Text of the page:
Alpha Trader’s Introduction to Technical Analysis

Introduction to Technical Analysis - Alpha Trader

Not many start learning technical analysis by just observing charts of other technical analysts. I started this way, and I must say – this is one of the hardest ways to learn technical analysis.

Luckily, there is an easy way. ‘Become an Alpha Trader‘ Series will help you take baby steps to learning Technical Analysis; the right way. This article is 1st of the many upcoming posts in this series.

What Technical Analysis is Not?

Many, if not most, believe that technical analysis is all about drawing up a chart, predicting a pattern, and taking a trade. However, technical analysis is not at all about this.

  • Technical Analysis is not a sure shot way to making money trading
  • Neither it is a way of forcefully trying to connect the unnecessary dots
  • Definitely not about speculating & taking excessive risk
  • Should not be the reason for blowing up your trading capital

In sum, learning technical analysis can be time consuming. One has to pay high price for his mistakes and without understanding the aspects related to risk management, one will end up going bankrupt.

What Technical Analysis is really about?

There are many definitions about what technical analysis is and what purposes it serves? However, I am not going into bookish definitions & instead going to show another side of Technical Analysis.

  • Technical Analysis will help you manage risks associated with investing.
  • Analysis & interpretation of past price & volume data helps to determine realistic future behavior of an underlying stock or a commodity.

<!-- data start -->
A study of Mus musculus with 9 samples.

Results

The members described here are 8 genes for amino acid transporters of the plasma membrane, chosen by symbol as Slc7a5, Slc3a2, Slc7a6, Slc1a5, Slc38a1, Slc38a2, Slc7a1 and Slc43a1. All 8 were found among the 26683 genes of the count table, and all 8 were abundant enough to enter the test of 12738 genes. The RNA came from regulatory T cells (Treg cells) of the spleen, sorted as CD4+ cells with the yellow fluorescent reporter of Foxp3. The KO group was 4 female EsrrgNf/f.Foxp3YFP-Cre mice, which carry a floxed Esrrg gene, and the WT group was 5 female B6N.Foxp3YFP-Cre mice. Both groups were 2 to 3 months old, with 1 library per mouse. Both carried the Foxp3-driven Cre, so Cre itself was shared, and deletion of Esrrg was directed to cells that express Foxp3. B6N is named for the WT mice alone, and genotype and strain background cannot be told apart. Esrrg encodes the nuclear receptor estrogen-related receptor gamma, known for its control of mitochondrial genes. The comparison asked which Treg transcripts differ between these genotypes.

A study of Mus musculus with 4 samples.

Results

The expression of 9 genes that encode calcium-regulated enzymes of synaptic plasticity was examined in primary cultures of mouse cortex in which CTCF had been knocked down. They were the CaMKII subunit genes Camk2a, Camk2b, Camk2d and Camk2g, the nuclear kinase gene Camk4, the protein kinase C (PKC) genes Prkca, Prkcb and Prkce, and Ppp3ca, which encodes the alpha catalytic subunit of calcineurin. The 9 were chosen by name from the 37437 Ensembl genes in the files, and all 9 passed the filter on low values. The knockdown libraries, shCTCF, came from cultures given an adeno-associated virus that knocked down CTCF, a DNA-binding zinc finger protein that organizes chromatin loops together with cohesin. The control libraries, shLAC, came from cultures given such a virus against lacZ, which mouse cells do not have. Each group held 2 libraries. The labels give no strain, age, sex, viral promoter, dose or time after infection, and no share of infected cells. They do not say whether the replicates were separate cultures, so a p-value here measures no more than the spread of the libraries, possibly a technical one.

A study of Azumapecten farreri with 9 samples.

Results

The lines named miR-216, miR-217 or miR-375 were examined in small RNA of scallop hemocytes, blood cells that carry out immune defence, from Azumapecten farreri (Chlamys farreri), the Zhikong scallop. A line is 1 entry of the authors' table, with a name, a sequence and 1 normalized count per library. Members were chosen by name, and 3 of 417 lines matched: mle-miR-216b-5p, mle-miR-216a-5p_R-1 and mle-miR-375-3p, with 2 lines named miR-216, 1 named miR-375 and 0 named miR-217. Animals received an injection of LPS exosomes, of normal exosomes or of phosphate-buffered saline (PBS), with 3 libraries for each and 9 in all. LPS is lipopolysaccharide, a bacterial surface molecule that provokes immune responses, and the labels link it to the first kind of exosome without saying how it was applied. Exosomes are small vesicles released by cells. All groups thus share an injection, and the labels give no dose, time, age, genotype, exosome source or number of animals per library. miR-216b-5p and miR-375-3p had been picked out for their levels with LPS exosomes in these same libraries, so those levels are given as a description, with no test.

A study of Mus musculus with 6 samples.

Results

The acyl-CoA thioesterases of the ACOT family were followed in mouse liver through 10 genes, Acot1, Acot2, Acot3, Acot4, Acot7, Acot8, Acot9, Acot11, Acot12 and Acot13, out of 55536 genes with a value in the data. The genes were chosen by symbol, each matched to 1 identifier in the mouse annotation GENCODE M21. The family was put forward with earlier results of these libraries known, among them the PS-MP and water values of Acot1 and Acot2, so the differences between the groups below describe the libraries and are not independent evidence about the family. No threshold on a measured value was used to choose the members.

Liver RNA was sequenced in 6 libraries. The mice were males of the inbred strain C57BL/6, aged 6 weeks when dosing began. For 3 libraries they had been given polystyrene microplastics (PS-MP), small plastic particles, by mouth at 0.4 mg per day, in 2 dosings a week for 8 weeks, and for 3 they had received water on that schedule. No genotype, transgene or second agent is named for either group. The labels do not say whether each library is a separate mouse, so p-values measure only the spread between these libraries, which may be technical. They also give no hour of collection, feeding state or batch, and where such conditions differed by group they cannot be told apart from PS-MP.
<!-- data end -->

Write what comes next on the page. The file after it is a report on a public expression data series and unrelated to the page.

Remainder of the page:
• Also, technical analysis will help you optimize your investments with risk adjustments.

How to begin with Technical Analysis?

Technical analysis is done through a number of different chart types:

  • Traditional Candlestick Charts
  • Renko brick Charts
  • Point & Figure Charts
  • Heiken-Ashi Charts

Above mentioned is not an exhaustive list of the types of charts, instead it is only an indicative list based on the most popular types.

Patterns, Channels, and Levels

Patterns are most popular among many newbie & expert traders. There are many different chart patterns. Eg. : Flag-Pole, Cup-Handle, Head-Shoulder are among the most popular ones.

Advantages of Patterns:

  • Patterns are relatively easy to spot once you develop a vision to spot them.
  • Makes it easy to trade for new traders as pattern breakout & breakdowns can be easily predicted.
  • Auto-drawn on many trading softwares, helping new traders learn pattern-based technical analysis rather quickly.

Disadvantages of Patterns:

  • Because of their popularity, patterns are easy trap for retail traders.
  • Market makers have enough trading capital to make a false pattern, trap retail traders, and take stock price the opposite direction
  • There are 100s of patterns, making it really difficult to remember

Channel-based Analysis

Vinati-Channel-Breakdown-Alpha-Trader
Alpha Trader’s Vinati Organics Channel Breakdown made stock fall from 2050 levels to 1766

Channels are often drawn along with the trend of the stock, indicating a range within which a stock will move.

Channel-based analysis helps in buying/selling a stock at a channel bottom or at a channel top respectively. There are channel breakdowns & breakouts as well.

Levels -based Analysis

Alpha Trader's Level-based Technical Trading on Nifty
Alpha Trader’s Level-based Technical Trading on Nifty

Levels based technical analysis is Alpha Trader’s custom method of trading. Rather than looking for patterns, breakouts, and breakdowns, we look at sentiments of market makers around certain price.

Such sentiment analysis helps in plotting levels where:

  • Price moves up positively or negatively
  • Accumulation or Distribution happens with volume

The biggest advantage of plotting levels is that levels rarely fail. And even if level is broken on either side, it gives you enough time to change your trades quickly.

Level-based trading is best because:

  • Stop-loss management becomes easier
  • Buying/selling is sentiments based and not a pattern based action
  • Gives enough time to quickly exit the trade and stay with the trend
  • Keep losses to minimum & increase profit positions

We also publish our studies, strategies and niche methods on our YouTube Channel checkout if you want to continue the learning through videos.